With the below rewrites in htaccess, as expected, this HTTPS request is not rewritten:


is not re-written to


But, unexpectedly, this HTTPS request is rewritten:


is re-written to


Why is this?

A couple other facts / observations:

/system/ is an actual path on the server. But /preview/ is not an actual path--it's a URL segment that makes sense in the CMS, e.g., /index.php/preview/anything is how the CMS gets the request for the /preview/anything URL.

Other non-system URLs do rewrite properly (from HTTPS to HTTP), and properly do get passed to index.php. E.g.,


is re-written to


Here is the full block of rules:

 <IfModule mod_rewrite.c>
 RewriteEngine On
 RewriteBase /

 # Force HTTPS for System URLs
 RewriteCond %{REQUEST_URI} ^/system(.*)$ [NC]
 RewriteCond %{HTTPS} !=on
 RewriteRule ^(.*)$ "https://example.com/$1" [R=301,L]

 # Force HTTP for Other URLs, but not: system or preview
 RewriteCond %{REQUEST_URI} !^/(system|preview)/(.*)$ [NC]
 RewriteCond %{HTTPS} =on
 RewriteRule ^(.*)$ "http://example.com/$1" [R=302,L]

 RewriteCond %{REQUEST_FILENAME} !-f
 RewriteCond %{REQUEST_FILENAME} !-d
 RewriteRule ^(.*)$ /index.php/$1 [L]

Any insights into why /preview/ gets the weird treatment?

Added: Note that /preview/anything is getting a 302 redirect to /index.php/preview/anything -- and THAT'S a big part of what seems so weird / unexpected. It should not be getting a redirect in the final rule, just a rewrite.


Are these rewrite rules in an .htaccess file? In this case the [L] flag does not do what you think it does — it stops processing of the current ruleset, but then the request is processed by Apache again, using .htaccess files appropriate for the rewritten URI, therefore your rules may be executed again. This does not happen for rules which are in the Apache configuration file (and not inside a <Directory> section) — in this case the [L] flag is handled as expected.

For your example, https://example.com/preview/anything is internally rewritten into https://example.com/index.php/preview/anything by the third rule; however, in order to process that request, Apache must read the .htaccess file again — and this time the URI matches your second rule, which returns a 302 redirect.

Apache 2.4.x supports the [END] flag which stops such rewrite loops, unlike [L]; solutions for earlier Apache versions are more complex.

If you want to make sure that Apache makes only a single pass over your rewrite rules, you may add the following rule before all others:

RewriteCond %{ENV:REDIRECT_STATUS} !=""
RewriteRule ^ - [L]

On the first pass REDIRECT_STATUS will be empty; on the second pass it will have a non-empty value (usually 200), and the rule will match and really stop further rewrites.

In case such a rule is not appropriate (e.g., in some cases you need to handle rewritten URIs on the second pass), you can set an environment variable in rules which should be really final:

RewriteRule ^(.*)$ /index.php/$1 [L,E=FINISH:1]

and add the following rule before all others:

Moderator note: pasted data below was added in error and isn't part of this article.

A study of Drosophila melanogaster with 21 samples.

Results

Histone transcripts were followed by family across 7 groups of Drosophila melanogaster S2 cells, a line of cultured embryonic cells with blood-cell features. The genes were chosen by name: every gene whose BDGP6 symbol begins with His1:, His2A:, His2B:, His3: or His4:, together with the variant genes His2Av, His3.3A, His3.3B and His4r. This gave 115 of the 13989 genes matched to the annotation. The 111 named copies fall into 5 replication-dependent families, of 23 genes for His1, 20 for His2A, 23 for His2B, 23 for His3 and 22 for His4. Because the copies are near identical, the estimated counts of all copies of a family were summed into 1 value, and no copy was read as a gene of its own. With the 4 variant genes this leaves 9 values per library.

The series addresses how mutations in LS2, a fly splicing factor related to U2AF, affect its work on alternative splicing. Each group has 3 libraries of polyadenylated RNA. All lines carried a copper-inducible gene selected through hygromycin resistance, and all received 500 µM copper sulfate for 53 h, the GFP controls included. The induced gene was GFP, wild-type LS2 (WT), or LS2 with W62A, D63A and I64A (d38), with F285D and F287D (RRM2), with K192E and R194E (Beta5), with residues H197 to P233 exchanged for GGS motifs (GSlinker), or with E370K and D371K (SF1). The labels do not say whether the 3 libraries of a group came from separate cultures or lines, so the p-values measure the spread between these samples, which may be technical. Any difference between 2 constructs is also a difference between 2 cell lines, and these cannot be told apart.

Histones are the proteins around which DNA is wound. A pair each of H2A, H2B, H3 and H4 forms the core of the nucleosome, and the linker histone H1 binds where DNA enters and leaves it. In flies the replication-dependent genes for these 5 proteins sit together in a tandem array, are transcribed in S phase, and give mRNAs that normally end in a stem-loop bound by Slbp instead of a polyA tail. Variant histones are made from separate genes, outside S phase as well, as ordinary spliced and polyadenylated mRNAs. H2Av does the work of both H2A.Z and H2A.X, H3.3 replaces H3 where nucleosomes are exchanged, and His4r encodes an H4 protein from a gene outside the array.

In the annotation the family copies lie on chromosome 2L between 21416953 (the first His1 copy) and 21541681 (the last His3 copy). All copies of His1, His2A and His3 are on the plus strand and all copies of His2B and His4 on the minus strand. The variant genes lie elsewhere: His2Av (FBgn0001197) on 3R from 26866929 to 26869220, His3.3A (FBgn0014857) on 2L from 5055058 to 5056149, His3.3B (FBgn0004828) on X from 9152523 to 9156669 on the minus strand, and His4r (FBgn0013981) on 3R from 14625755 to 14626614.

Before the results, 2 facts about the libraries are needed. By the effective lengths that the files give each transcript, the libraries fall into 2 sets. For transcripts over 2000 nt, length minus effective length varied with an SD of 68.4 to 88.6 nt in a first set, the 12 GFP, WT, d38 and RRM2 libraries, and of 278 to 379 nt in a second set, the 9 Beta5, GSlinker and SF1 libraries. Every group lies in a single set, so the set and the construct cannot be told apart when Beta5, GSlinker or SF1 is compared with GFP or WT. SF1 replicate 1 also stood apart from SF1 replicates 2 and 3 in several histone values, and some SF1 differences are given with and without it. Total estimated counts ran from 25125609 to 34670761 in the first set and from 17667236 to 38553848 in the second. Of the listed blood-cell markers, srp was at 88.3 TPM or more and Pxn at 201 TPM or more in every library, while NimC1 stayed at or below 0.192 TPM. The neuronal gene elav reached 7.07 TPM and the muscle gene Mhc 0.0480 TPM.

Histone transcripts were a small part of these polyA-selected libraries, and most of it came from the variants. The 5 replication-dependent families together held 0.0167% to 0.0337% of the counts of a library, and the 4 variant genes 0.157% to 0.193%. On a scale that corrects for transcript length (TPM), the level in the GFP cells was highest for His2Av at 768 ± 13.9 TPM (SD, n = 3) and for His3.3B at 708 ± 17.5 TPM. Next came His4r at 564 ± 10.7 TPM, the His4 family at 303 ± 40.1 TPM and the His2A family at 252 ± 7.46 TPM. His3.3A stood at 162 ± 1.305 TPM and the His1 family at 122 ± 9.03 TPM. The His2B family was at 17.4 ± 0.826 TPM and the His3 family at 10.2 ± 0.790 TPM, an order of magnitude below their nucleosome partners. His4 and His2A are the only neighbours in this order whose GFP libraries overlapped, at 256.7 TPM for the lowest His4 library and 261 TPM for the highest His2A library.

RewriteCond %{ENV:REDIRECT_FINISH} !=""
RewriteRule ^ - [L]

Note that during the second pass Apache prepends REDIRECT_ to environment variable names which were defined during the first pass, therefore you need to set FINISH, but test REDIRECT_FINISH.

Alternatively, you may try to modify your matching conditions so that on the second pass URIs modified on the first pass will not be matched (e.g., insert (index\.php/)? into the regexp in the second rule).

  • Yes, the L|Last flag means stop processing rules, but as soon as the result of the rule is an alias (and the third rule makes an alias) this alias becomes a new entry for the rewrite engine, and all rules are applied on this new entry. – regilero Dec 15 '13 at 10:20
  • Yes! I totally see it now--and, it actually seems obvious, in retrospect. While I knew that the results of the 301/302 redirects would be run through the rewrite engine again, I didn't fully grasp that the result of the alias (third rule) would be as well. I had already fixed this in production by blocking index\.php/preview in the second rule, and it's great to now know about the options of using REDIRECT_STATUS or combo of E=FINISH and REDIRECT_FINISH. Thanks! – Jay F Dec 16 '13 at 2:51

This sounds like the last rule is introducing an absolute http-based redirect when it's being done, perhaps due to some bug or feature in Apache or mod_rewrite.

How about you break it down into two rules with an extra condition?

Try this:

RewriteCond %{REQUEST_FILENAME} !-f
RewriteCond %{REQUEST_FILENAME} !-d
RewriteCond %{HTTPS} =off
RewriteRule ^(.*)$ http://example.com/index.php/$1 [L]

RewriteCond %{REQUEST_FILENAME} !-f
RewriteCond %{REQUEST_FILENAME} !-d
RewriteCond %{HTTPS} =on
RewriteRule ^(.*)$ https://example.com/index.php/$1 [L]

Is the http scheme (instead of https) that bothers you? If so, you should look at the RewriteBase directive.

From the mod_rewrite docs:

The RewriteBase directive specifies the URL prefix to be used for per-directory (htaccess) RewriteRule directives that substitute a relative path.

This directive is required when you use a relative path in a substitution in per-directory (htaccess) context (...)

  • Thanks, but no. RewriteBase just has to do with the path, right? It doesn't recognize the protocol / scheme. – Jay F Dec 13 '13 at 19:10

I don't think you need the '(.*)$' at the end of the RewriteCond statements, because you're not using the captured data anywhere. You could simplify those 2 like so:

RewriteCond %{REQUEST_URI} ^/system [NC]

and RewriteCond %{REQUEST_URI} !^/(system|preview)/ [NC]

What I would also recommend is turning on RewriteLog and setting RewriteLogLevel to see exactly what apache is doing per request. With apache 2.2 or less, it would be:

RewriteLog /var/log/apache2/rewrite.log
RewriteLogLevel 7

You should see step by step exactly what matches and what action apache took.